The AI-IA and how it will impact the AI market
Jun 11, 2019, by Jessica Munday
There’s a new bill that’s up for discussion in the Senate involving artificial intelligence. It’s called the Artificial Intelligent Initiative Act (AI-IA). It was introduced on May 21 and is considered a “bipartisan” bill as three senators from across the aisle brought it to life.
The AI-IA bill would put $2.2 billion federal funds to work organizing a national AI strategy and fund new developments in the space. This would be distributed over the next five years to build an AI-ready workforce for the next 10 years.
The money would establish committees of federal and nonfederal leaders to develop a national plan for AI research and development. And between 2020 and 2024, $20 million per year would fund the creation of five AI research centers, one of which would focus solely on K-12 education around AI.
This follows other trends in government participation around the AI industry. The most notable is President Donald Trump’s executive order in February. This order asked for federal agencies to allocate existing funds for AI projects and dedicated a White House committee to using AI to expand opportunities for American workers.
The AI-IA bill is being proposed specifically to help America keep up with the innovative pace of competing global economies and prevent the future of AI from being decided by forces outside of U.S influence.
So how will this impact the AI industry? Let’s go through some rough pros and cons of how this bill and overall government influence in AI development will impact the market.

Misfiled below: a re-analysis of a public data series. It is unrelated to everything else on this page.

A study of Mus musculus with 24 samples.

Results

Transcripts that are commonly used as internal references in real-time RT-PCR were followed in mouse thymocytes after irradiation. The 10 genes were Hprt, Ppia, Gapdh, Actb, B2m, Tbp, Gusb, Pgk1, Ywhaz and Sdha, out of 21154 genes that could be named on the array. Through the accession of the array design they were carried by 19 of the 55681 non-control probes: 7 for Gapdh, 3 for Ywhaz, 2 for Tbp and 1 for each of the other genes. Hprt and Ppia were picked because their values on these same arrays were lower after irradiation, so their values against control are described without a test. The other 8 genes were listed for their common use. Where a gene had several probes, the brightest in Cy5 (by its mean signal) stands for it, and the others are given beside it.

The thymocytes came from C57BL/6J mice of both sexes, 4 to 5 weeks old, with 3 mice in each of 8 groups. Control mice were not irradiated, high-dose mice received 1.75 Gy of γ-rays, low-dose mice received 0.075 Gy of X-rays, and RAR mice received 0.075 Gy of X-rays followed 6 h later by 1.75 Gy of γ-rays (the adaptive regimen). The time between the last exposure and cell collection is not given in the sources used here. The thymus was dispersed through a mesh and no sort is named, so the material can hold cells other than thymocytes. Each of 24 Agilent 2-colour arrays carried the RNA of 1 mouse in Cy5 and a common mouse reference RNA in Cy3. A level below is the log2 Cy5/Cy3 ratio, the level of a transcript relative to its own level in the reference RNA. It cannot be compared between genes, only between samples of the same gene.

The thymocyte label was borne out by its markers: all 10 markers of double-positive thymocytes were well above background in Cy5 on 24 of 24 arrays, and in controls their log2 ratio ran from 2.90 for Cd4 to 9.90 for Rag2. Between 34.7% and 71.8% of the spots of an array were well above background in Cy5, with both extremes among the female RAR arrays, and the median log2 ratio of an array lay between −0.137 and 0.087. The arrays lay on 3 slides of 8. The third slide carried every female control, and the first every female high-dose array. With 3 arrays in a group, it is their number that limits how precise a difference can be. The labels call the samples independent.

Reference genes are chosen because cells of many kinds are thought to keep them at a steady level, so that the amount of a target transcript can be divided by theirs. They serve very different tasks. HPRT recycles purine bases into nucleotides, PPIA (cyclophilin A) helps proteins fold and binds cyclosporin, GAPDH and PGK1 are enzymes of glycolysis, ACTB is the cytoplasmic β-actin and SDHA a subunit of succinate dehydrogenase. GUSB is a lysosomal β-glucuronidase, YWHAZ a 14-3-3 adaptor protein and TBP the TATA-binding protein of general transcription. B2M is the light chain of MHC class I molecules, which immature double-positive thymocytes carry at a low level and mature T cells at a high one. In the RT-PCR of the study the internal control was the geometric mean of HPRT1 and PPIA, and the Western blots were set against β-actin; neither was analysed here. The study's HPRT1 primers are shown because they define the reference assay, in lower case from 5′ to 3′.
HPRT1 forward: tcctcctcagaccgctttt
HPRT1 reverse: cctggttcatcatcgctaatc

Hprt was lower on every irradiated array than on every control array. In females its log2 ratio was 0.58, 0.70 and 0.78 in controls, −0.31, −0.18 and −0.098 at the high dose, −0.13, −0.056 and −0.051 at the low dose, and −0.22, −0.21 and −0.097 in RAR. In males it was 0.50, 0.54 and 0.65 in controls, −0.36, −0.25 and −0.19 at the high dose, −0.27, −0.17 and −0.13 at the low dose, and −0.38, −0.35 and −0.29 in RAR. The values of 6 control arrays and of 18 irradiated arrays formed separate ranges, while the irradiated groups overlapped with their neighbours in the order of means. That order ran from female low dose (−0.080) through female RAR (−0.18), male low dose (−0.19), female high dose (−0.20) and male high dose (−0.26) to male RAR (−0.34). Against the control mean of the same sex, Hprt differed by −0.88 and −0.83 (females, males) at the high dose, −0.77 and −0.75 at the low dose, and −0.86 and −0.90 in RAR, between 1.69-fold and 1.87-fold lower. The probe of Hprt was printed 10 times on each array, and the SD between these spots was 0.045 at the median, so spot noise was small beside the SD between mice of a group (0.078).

One of the hot topics up for discussion for these committees will be the ethics involved with developing AI. Likely these will be discussions around how to keep humans in the loop as AI enters the workforce. The AI-IA requires the National Science Institute to perform research around data bias, privacy and the societal and ethical implications of AI.
Because AI will be so involved in politics, it’s likely that it will be applied to old and inefficient government processes. This will put taxpayer dollars toward more productive tasks and create faster-moving government processes.
The main focus for these government initiatives will be sustainability and job creation, which is an extremely positive goal for future generations of workers. This will allow AI to help people, rather than hinder their success. And with one of the funded research centers focused solely on educating students about AI, these children will grow up with the right skills and knowledge set to work in tandem with this new technology.
With government involvement, one of the inevitable downsides will be the decreased pace of innovation. The committees established by the AI-IA will likely create regulatory and compliance standards, which can prevent new technologies from innovating at their current pace.
Another criticism is that the bill doesn’t put money toward vocational education or training programs. While in theory, the main focus is future generations, the bill doesn’t help with the change management that companies will face in order to remain competitive.
This national strategy also comes a bit late. About 30 other countries already have a national AI strategy, and nearly every other global economic power has launched these plans over the past four years.
More and more government involvement in AI is on the horizon, especially as AI becomes more visible, democratized and impacts public safety and privacy. We see examples at the local level too, such as San Francisco banning the use of facial recognition software and 29 states enacting legislation related to autonomous vehicles.
It’s unclear if the AI-IA bill will affect the market positively or negatively, should it pass. But it is certain that governments will increase their involvement with this technology as it becomes more commonplace and makes an impact on the economy.